The one lesson I've learned from life: retired jockey Sam Waley-Cohen

The one lesson I’ve learned from life: Founder and CEO of Portman Healthcare Sam Waley-Cohen says it’s who you’re with that matters

The founder and CEO of Portman Healthcare, Sam Waley-Cohen, is a retired amateur jockey who won his final race, the Grand National, in 2022 with odds of 50/1. He is a friend of the Prince and Princess of Wales. Sam and his wife Annabel Ballin, who owns a children’s party business, have three children. 

I’ve always hated feeling like I have under-performed and haven’t fulfilled my potential. But, at the same time, I think each time that you have an experience where you think, ‘I didn’t do my best there’, it’s an opportunity for learning. 

If I hadn’t ridden the Grand National course 40 times and made many, many mistakes, I never would have won the race in 2022. All that cumulative knowledge came into play that day. 

Founder and CEO of Portman Healthcare Sam Waley-Cohen (pictured) says it’s who you’re with that matters. The retired jockey says he’s hated feeling like he has underperformed or not fulfilled his potential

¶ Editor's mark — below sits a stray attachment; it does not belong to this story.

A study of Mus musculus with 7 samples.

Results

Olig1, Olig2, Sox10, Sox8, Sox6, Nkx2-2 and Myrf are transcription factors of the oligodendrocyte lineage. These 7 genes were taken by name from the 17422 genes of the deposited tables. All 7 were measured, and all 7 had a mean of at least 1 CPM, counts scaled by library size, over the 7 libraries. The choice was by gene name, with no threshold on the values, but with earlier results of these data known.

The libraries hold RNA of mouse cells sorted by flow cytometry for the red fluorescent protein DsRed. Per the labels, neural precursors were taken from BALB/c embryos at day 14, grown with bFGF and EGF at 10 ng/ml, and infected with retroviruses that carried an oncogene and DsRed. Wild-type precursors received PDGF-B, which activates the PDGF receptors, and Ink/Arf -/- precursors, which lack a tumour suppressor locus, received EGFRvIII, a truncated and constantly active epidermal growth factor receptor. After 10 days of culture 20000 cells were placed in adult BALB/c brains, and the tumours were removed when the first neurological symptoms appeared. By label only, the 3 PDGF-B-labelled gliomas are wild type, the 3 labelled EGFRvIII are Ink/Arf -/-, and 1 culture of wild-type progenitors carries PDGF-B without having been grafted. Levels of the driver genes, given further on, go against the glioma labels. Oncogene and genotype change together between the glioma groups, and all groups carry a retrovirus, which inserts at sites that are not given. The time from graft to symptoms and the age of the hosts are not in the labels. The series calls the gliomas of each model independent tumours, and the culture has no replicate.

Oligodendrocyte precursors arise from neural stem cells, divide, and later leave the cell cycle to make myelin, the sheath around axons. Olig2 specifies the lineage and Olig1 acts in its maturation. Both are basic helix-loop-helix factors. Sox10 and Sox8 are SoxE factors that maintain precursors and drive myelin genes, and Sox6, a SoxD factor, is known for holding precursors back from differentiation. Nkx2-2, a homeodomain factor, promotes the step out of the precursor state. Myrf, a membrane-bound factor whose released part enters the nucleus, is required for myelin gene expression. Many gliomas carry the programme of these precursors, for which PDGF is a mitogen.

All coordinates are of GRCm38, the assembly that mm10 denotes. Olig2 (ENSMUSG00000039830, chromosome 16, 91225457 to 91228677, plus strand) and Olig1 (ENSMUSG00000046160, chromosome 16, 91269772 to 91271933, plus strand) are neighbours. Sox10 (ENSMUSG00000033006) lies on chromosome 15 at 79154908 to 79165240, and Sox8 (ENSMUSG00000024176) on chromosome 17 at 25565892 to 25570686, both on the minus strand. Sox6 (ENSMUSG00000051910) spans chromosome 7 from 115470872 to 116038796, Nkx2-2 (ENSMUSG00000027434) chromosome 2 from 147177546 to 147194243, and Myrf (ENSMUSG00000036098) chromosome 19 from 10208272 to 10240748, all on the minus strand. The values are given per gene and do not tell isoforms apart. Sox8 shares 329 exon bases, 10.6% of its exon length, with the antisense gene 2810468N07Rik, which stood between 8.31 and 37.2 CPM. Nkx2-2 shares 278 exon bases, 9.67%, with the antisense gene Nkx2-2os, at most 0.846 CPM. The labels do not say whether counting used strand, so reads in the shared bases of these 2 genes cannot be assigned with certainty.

Getting a balance in life has been important. I’m an entrepreneur and started my group of dental practices, Portman, in 2009. It’s become pretty consuming now as we employ about 4,000 people and have 200 dental practices across Europe. 

The racing was an outlet. The training and the discipline was completely different to the business and helped me keep all of it in perspective. If you love something you can find the time. 

At the end of the day, family is the most important thing. My racing career was a journey for me and my Dad. We’ve travelled about the country, thousands of miles, enjoyed the successes and commiserated the failures together. 

When my younger brother Thomas died of bone cancer when he was 20, it taught me that life is short. If there are opportunities, grab them and live life to the full. I think Thomas dying made me want to seize every moment of every day and make the most of it. 

After winning the Grand National, after all the media and the presentation ceremony, it was 9.30pm. We were about two-and-half hours from home and my wife and I said: ‘Right, what shall we do? Well, we’d better drive home.’ It was a very un-glamourous end to the day! 

I think what that shows is whether you’ve had a great win or a crushing defeat, the world will keep on turning as usual. It’s who you have around you that really matters.